New London — John Johnson, chairman of the Connecticut Maritime Heritage Festival, still displays a proclamation Gov. Dannel P. Malloy signed in 2013, recognizing the second week of September as “Connecticut’s Annual Maritime History and Heritage Week.”
“It’s like a charter,” Johnson said of the document.
Originally dubbed the “Connecticut Schooner Festival,” the event, now in its sixth year, is set for a five-day run, starting Wednesday with a maritime careers fair for selected students and moving into high gear Thursday with a welcoming ceremony for the Navy crew of the USS Lassen, a guided-missile destroyer of the same class as the USS Cole, the star of last year’s festival.
The governor and the lieutenant governor, Nancy Wyman, are among the dignitaries scheduled to attend.
Homeported in Mayport, Fla., the Lassen is named for Cmdr. Clyde E. Lassen, a Medal of Honor recipient who died in 1994. Lassen was honored for his rescue of two downed Navy aviators while piloting a helicopter in Vietnam.
“It’s not as famous a ship (as the Cole, target of a notorious 2000 attack by suicide bombers), but it’s part of the U.S. arsenal,” Johnson said.
Marcus Fisk, the festival’s chief operating officer, said the Lassen, “which has a storied operational background,” will have two helicoptors parked on its flight deck. The ship will dock on the north side of Pier 7 at Fort Trumbull State Park, where the welcoming ceremony is scheduled to begin at 11 a.m. Thursday.
A dozen other vessels are expected to put in at downtown piers Thursday and Friday and take part in a Parade of Ships along the New London waterfront, starting at 11 a.m. Friday. All of the ships, including the Lassen, will be available for free tours from 10 a.m. to 4 p.m. Friday and Saturday and from noon to 4 p.m. Sunday.
Adults seeking to tour the Lassen will be required to provide a photo ID.
The lineup of ships includes the Coast Guard cutter Albacore, a patrol boat stationed in New London; the Coast Guard cutter Bollard, a harbor tug from New Haven; the Fire Fighter from Greenport, N.Y.; the Liberator, a former Navy training vessel homeported at the U.S. Merchant Marine Academy; and an array of schooners, including the Amistad, Brilliant, Columbia and Mystic Whaler.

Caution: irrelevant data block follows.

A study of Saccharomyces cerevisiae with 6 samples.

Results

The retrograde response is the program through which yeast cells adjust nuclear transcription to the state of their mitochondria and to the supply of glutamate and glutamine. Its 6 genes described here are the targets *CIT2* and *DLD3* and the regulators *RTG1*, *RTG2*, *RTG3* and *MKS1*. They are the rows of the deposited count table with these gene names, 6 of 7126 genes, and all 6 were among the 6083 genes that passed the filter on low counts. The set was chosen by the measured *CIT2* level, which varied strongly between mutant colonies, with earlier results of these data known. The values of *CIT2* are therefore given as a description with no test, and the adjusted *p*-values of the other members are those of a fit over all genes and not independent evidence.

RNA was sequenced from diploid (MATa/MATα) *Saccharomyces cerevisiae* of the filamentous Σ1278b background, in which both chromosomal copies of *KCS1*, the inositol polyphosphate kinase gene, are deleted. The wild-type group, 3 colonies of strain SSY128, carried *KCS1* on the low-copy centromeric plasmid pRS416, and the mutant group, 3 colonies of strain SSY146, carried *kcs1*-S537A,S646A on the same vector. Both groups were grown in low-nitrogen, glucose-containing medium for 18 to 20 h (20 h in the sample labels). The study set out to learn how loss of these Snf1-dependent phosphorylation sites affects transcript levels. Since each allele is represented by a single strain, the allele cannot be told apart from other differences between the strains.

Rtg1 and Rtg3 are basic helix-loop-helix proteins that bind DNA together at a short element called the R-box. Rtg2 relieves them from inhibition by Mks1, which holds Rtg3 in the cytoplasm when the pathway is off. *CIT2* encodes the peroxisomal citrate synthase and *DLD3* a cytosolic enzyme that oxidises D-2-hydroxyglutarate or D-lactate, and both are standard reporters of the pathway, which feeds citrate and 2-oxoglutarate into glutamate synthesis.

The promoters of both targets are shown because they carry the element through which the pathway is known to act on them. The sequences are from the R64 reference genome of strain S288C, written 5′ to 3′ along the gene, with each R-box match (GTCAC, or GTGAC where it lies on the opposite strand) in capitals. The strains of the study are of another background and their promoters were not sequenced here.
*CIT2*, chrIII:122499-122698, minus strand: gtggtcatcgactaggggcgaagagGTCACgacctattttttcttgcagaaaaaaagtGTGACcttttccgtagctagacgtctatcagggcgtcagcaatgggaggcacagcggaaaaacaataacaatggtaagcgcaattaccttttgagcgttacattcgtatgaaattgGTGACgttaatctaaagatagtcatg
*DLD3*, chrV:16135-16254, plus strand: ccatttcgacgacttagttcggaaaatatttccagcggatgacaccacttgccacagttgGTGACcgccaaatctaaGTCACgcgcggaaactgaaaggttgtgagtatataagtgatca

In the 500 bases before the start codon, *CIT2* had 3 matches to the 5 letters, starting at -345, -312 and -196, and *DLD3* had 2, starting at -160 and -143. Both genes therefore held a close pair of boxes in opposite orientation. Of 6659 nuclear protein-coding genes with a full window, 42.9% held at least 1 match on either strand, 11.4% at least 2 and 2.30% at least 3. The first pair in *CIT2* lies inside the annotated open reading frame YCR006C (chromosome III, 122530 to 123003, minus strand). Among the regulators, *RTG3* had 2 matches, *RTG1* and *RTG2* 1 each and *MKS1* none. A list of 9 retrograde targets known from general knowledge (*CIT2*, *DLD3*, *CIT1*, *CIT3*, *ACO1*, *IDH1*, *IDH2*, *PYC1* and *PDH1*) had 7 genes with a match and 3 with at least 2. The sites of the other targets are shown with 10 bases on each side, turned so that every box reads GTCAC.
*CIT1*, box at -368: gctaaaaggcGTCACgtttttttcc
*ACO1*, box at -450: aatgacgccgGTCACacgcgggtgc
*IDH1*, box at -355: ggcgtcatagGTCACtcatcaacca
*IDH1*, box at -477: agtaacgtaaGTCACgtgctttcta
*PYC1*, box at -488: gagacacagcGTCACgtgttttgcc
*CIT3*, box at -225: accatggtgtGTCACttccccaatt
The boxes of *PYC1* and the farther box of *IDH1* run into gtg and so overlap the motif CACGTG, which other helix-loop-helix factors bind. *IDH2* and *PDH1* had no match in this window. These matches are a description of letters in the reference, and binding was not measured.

In addition to the ships, this year’s festival will offer lots of entertainment, including “Music on the Pier” from 2:30 to 8:30 p.m. Saturday. Originally planned for Fort Trumbull, the concert of Americana music was moved downtown to the Custom House Pier. Scheduled performers include Lori McKenna, a two-time Grammy Award winner; the Mark O’Connor Band; Ruthie Foster; and Sierra Hull & Justin Moses.
On Thursday, “Swingin’ on the Pier” is scheduled at the Custom House Pier, with an instructor offering swing dance lessons and The Cartells performing from 7 to 9 p.m.
For a $10 admission fee, festival-goers can meet the captains and crews of the ships at a party from 4 to 7 p.m. Friday at Hygienic Arts. Winners of the festival’s annual schooner races, which will take place earlier Friday (and can be viewed from Ocean Beach), will be announced at the party.
The Coast Guard Dixieland Band will play from 6:30 to 8 p.m. Friday at City Pier, followed by The Can Kickers from 8 to 10 p.m.
At 8:30 p.m. Friday, the Flock Theatre will present its annual rendition of “The Burning of Benedict Arnold.”
Saturday’s agenda includes the Great New London Chowder Challenge, featuring competition among local restaurants and Navy entrants, from 11 a.m. to 3 p.m. Coast Guard search-and-rescue demonstrations, a big hit among festival-goers last year, are set to begin at 1 p.m.
“Pray for good weather,” Johnson said.